Wal-Mart announced Tuesday that it may not open its six planned stores in the District of Columbia if the city council passes a bill requiring the company to pay employees at least $12.50 per hour. The big box retailer called the bill discriminatory and encouraged Mayor Vincent Gray to veto it.
Less than 24 hours before the City Council was set to vote on the minimum wage proposal, Wal-Mart attempted to use its leverage to ensure the Large Retailer Accountability Act would be defeated. The bill would require retailers with more than $1 billion in sales and stores larger than 75,000 square feet to pay the super-minimum-wage, higher than the city's current $8.25 per hour. It would grandfather in retailers currently operating in the District and include an exception for workplaces with unions, safeguards that noticeably do not apply to Wal-Mart.
The retailer has already begun construction on three stores, but said the bill would cause the company to rethink opening those, as well as beginning construction on the other three planned sites. Previously, Wal-Mart, whose D.C. stores could employ as many as 1,800 people, had not explicitly said the minimum wage law would impact its plans to expand in the District.
Wal-Mart Regional General Manager Alex Barron said the company had conducted community research prior to commencing construction, and wants to "be part of the solution" for job creation in the District. He said the city council's attempt to pass the minimum wage law would "undermine" Wal-Mart's ability to provide economic growth:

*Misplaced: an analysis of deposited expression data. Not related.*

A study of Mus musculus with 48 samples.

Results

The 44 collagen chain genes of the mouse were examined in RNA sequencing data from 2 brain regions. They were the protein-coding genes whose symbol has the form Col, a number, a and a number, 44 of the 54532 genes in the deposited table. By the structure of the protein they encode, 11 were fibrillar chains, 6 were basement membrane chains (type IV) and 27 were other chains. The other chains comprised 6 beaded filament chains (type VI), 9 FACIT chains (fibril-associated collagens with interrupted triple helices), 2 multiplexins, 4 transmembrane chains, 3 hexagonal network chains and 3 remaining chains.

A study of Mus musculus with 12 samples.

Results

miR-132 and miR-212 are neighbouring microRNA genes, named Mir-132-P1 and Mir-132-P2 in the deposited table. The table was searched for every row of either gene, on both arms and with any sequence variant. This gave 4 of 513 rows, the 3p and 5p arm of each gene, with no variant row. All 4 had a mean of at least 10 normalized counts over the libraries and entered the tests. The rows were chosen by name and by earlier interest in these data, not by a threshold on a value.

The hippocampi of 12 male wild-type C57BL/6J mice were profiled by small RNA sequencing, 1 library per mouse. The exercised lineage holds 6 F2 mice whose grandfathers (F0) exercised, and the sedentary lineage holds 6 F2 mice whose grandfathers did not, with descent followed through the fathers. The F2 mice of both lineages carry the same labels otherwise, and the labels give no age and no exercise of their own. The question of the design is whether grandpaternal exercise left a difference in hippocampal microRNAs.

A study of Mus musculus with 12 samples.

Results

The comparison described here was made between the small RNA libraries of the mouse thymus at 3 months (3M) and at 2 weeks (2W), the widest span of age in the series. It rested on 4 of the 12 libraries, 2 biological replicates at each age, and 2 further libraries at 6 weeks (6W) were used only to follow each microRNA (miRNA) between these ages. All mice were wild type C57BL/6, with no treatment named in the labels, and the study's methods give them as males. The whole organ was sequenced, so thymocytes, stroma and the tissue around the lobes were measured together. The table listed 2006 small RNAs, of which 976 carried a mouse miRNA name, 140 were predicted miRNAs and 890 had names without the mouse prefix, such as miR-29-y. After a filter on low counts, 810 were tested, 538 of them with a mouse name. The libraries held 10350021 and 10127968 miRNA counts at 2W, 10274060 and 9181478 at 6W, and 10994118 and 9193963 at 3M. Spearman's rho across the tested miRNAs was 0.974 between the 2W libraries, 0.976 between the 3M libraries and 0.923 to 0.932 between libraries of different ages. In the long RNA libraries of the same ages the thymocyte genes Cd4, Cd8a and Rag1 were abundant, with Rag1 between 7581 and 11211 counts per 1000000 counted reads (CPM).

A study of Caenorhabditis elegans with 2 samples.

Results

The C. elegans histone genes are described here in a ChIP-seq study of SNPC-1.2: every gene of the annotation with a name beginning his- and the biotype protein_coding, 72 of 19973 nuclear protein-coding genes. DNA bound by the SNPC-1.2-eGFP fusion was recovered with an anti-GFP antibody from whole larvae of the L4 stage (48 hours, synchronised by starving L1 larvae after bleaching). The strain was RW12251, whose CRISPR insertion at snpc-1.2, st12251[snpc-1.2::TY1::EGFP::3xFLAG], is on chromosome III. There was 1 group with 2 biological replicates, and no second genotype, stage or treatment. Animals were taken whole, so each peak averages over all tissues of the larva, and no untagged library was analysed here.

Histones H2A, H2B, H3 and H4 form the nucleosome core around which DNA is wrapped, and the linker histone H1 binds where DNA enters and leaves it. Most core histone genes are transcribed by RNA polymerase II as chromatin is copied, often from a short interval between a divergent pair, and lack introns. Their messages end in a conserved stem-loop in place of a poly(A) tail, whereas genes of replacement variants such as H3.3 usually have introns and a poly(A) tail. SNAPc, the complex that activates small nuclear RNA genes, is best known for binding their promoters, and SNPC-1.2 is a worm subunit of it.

From day one, we have said that this legislation is arbitrary and discriminatory and that it discourages investment in Washington. We have gone to great lengths to have thoughtful conversations with council members about why the LRAA would result in fewer jobs, higher prices and fewer total retail options. Most shopping dollars would stay in the suburbs, unemployment would remain in the double digits in some neighborhoods, and underserved communities would continue to have disproportionate access to affordable groceries.
Opponents of the chain's D.C. expansion say Wal-Mart's record of underpaying employees, opposing union activity and forcing local stores out of business show the company will do the local economy no favors. Jos Williams, president of the Metropolitan Washington Council, AFL-CIO, called Wal-Mart's announcement "economic blackmail":
The ‘kinder, gentler' Wal-Mart that has professed so much interest in good jobs, shopping and foods for our community has returned to the kind of brazen intimidation and steam-roller tactics we've seen across the country and indeed, around the world.
Campaigns against the company have successfully derailed efforts to open Wal-Mart stores in Boston and Brooklyn, but the company has opened in many other large U.S. cities.